By Andy Marsh, Plug Power President & CEO
Since World War I transformed oil into a strategic commodity, the geopolitics of oil and gas have defined our global economy for over a century. As we now witness Russia’s war in Ukraine unfold, it has never been more evident that relying on foreign sources of fossil fuels puts countries at geopolitical risk. When European Union leaders convene to discuss ways to gain independence from Russian oil and gas, green hydrogen needs to be at the forefront of the plan.
Until now, Russia has been a key provider of energy to the European Union – supplying about 40% of the EU’s natural gas imports, about 25% of oil imports and about 45% of coal imports – posing a concern to the energy security of this bloc of nations. Germany, which anchors the EU with the world’s fourth-largest economy, is so dependent on Russia for gas that its economy would be the most vulnerable to collapsing if Russia cut off gas supplies. Despite this, within a week of the Ukraine invasion, Germany took action by halting the Nord Stream 2 Pipeline that would have carried more Russian gas to Germany, committing to the construction of terminals for liquified natural gas (LNG) from allied nations, and announcing plans for national gas reserves and coal-fired power plants to remain on standby.
Germany is not alone in its response. The International Energy Agency recently unveiled a 10-point plan to cut Russian imports by over a third within one year. This was followed closely by the European Commission’s plan to reduce EU demand for Russian gas by two-thirds before the end of the year, and the UK government’s plan to phase out Russian oil by the end of the year.
Green Hydrogen is Europe’s Future
Along with solar, wind and batteries, green hydrogen is an important piece of the renewable energy infrastructure needed to decarbonize the world’s economy, and give the European people the security they need. At Plug, we’ve been investing in green hydrogen production to help the world meet its sustainability goal of reducing carbon emissions and avoid an increase in average global temperatures by no more than 1.5 degrees Celsius above preindustrial levels, a target set by the UN Intergovernmental Panel on Climate Change.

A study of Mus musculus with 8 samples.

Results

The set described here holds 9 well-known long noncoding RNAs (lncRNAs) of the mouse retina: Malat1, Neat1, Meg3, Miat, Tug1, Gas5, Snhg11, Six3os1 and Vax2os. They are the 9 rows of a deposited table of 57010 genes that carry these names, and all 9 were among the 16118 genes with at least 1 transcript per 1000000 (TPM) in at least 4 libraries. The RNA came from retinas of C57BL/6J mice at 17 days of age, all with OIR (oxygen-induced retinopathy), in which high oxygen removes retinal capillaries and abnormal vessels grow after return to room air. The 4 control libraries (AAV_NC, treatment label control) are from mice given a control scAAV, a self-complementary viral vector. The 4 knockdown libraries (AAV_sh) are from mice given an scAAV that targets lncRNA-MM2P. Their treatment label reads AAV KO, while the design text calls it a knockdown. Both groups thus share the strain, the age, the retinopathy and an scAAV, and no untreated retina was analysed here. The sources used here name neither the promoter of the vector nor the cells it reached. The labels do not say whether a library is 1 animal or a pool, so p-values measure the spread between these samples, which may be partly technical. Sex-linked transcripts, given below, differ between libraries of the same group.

The expansion of renewable energy is no longer simply a climate change initiative but rather an immediate national security issue for both Europe and the rest of the world. Green hydrogen has an opportunity to be a part of the solution for these reasons:
- Green hydrogen can be produced from abundant resources: Electrolysis splits water into oxygen and hydrogen, the universe’s most abundant element. The electrolyzer can be powered by renewable energy sources that most countries already have and can’t be depleted – such as wind, solar, and nuclear. I believe the energy infrastructure of the future will consist of solar, wind, batteries and green hydrogen working together to generate renewable energy that is as reliable as fossil fuels.
- Green hydrogen fosters energy independence: For countries with limited access to conventional fossil fuel sources such as those in Europe, there is value in localizing energy. As the availability of green hydrogen expands, it will be much harder for countries to wield geopolitical influence by cutting exports. This is because countries will be able to more easily generate their own substitute products or supplies, which is not something that can be done easily in today’s energy market in which natural resources are available only in certain locations.
- Green hydrogen doesn’t involve other climate trade-offs: For the IEA to meet its goal of cutting Russian imports by over a third within one year, part of the plan will involve increasing coal-fired output and using oil in currently gas-fired power plants. That’s a setback for climate goals in the short-term. We should move just as aggressively to implement the green hydrogen infrastructure necessary to convert natural gas pipelines into hydrogen pipelines. I’ve already been having conversations with natural gas producers and gas pipeline companies in Europe about how they can transition to hydrogen more rapidly – not in some distant future, but today.
While there have been other energy security crises before – like when the OPEC oil cartel slowed the tap on oil to the U.S. in the 1970s – the energy security crisis we are seeing unfold in Europe is having transformational, long-term global consequences. It’s time for private sector innovators and public sector policymakers to work together to increase the adoption of green hydrogen to create the security the European people deserve.